Activision has responded to Spark's USD 10 million lawsuit by filing a countersuit that rejects all of the Call of Duty: Finest Hour developer's claims and presents some strong allegations in return.
According to the countersuit - a copy of which was obtained by US website Gamespot - Activision is alleging fraud, breach of contract, information misappropriation, trademark infringement, false designation of origin and false advertising.
The publisher claims that Spark gave misleading information when pitching for the development contract for Finest Hour sequel Call of Duty: Big Red One, a contract which eventually went to Grey Matter and Treyarch.
Activision alleges that Spark deliberately gave a "false impression" by claiming that the development team would be made up of developers who had worked on the hit Medal of Honor series.
"Activision only later discovered that [Spark CEO Craig] Allen had falsely and greatly exaggerated the role played by the Spark team in the creation, development, and production of Medal of Honor," the lawsuit states.
"He had misrepresented the capabilities of Spark, whose monumental incompetence at its executive levels and inability to avoid doom without Activision's intervention, Allen would himself later concede."
Activision claims the evidence for this is to be found in what has been filed as Exhibit A - a project review, proposal and email from Allen himself in which the CEO is said to concede that Spark was responsible for many of problems arising during the development of the original Finest Hour game.
The countersuit goes on to blame Spark for the release date delays which meant the game launched in November 2004, and not in June of the same year as originally planned: "Spark repeatedly failed to deliver on its obligations under each of the 'production milestones' that Spark generated for the project," the countersuit states.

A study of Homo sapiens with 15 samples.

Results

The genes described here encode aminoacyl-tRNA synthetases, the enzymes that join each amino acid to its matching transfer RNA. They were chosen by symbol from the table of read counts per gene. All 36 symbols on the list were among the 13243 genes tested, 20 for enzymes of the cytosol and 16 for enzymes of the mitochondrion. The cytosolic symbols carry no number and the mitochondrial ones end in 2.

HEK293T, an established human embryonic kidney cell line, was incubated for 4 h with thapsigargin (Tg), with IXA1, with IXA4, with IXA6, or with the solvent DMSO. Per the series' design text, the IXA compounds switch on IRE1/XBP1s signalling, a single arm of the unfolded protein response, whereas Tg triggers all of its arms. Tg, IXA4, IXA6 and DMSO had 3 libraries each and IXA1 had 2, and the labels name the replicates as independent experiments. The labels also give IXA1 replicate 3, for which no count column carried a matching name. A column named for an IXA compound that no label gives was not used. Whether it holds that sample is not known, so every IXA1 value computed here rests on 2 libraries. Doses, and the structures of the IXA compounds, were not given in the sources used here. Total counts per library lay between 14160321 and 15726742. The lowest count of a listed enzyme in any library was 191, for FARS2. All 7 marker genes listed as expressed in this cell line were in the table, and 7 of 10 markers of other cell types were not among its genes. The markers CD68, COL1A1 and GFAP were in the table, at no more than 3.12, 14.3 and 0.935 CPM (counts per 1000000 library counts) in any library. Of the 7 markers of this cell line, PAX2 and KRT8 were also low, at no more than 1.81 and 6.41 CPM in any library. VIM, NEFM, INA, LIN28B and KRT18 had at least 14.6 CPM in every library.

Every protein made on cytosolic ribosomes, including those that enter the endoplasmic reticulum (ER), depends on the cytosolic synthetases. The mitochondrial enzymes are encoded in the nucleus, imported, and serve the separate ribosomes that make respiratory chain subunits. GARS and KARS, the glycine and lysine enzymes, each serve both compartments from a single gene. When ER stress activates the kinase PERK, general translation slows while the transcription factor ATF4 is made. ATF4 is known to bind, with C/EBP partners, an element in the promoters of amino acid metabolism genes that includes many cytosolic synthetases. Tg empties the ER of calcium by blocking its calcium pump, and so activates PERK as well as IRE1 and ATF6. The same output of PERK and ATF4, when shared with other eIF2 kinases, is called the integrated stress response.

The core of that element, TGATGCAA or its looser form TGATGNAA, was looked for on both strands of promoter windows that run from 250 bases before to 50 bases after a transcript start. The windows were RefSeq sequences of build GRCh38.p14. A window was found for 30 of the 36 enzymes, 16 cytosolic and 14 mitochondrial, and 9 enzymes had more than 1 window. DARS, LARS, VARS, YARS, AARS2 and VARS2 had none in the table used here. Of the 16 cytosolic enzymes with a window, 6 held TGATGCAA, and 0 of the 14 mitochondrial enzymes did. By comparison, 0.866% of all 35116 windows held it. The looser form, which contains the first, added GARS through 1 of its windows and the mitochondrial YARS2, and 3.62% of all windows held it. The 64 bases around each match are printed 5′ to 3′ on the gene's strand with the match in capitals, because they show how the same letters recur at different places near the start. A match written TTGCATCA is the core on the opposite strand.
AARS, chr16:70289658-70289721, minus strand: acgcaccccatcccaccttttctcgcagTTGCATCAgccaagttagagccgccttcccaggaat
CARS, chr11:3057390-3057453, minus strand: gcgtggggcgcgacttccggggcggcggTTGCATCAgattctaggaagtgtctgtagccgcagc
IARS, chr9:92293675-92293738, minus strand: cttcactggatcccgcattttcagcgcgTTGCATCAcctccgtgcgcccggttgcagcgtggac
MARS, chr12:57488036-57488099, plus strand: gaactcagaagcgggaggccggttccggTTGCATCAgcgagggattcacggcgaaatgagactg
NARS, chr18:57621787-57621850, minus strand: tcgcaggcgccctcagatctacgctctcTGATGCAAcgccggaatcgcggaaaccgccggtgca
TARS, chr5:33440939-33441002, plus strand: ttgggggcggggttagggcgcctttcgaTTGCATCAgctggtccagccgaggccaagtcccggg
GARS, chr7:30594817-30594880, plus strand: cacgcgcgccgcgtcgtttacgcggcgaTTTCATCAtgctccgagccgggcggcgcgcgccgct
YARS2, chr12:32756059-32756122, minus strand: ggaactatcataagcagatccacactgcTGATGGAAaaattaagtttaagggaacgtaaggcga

"Ultimately, even with Activision's huge infusion of additional human and monetary resources into Spark, the release of Finest Hour was delayed."
The lawsuit has been issued in response to a claim filed by Spark in August in which the studio claimed it was originally contracted to create three games, beginning with Finest Hour.
Spark alleges that Activision gradually forced the studio to accept lower royalties and more difficult terms by threatening not to sign further contracts. The lawsuit goes on to claim that Activision eventually attempted to destroy Spark entirely so that there would be no possibility of launching legal action against the publisher.
Spark's lawsuit makes no reference to the Xbox and GameCube versions of Finest Hour - which Activision now claims the developer was originally contracted to produce.
"Activision had to contract with outside contractors and front the development costs of those platforms as well as bear all of the additional risks and costs inherent in supervising additional developers," the countersuit alleges. It also claims that despite Spark still collected royalties from sales of the Xbox game.
Activision denies that Spark's Big Red One proposal was "summarily rejected", as the developer claims, offering six pages of reasons why the contract went to other studios.
Spark is now working on a series of games for Atari - and, according to allegations made by Activision, is unlawfully using development kits supplied by its former publishing partner to do so.
"Spark's refusal to return Activision's source code and other material is particularly disturbing because Spark contends it is currently developing products for Atari, and Spark's use of Activision's property to that end would not only be unlawful, but also it potentially could turn Atari into an unwitting violator of Activision's rights," the countersuit states.
Activision rejects Spark's claim for USD 10 million in damages and compensation, and is demanding "actual and compensatory damages from Spark and Allen in an amount to be proven at trial."
The publisher is also attempting to claim "Treble damages" for alleged trademark infringement, false advertising and unfair competition, and "punitive and exemplary damages" for what Activision claims were "fraudulent representations of fact." The countersuit also claims for legal fees.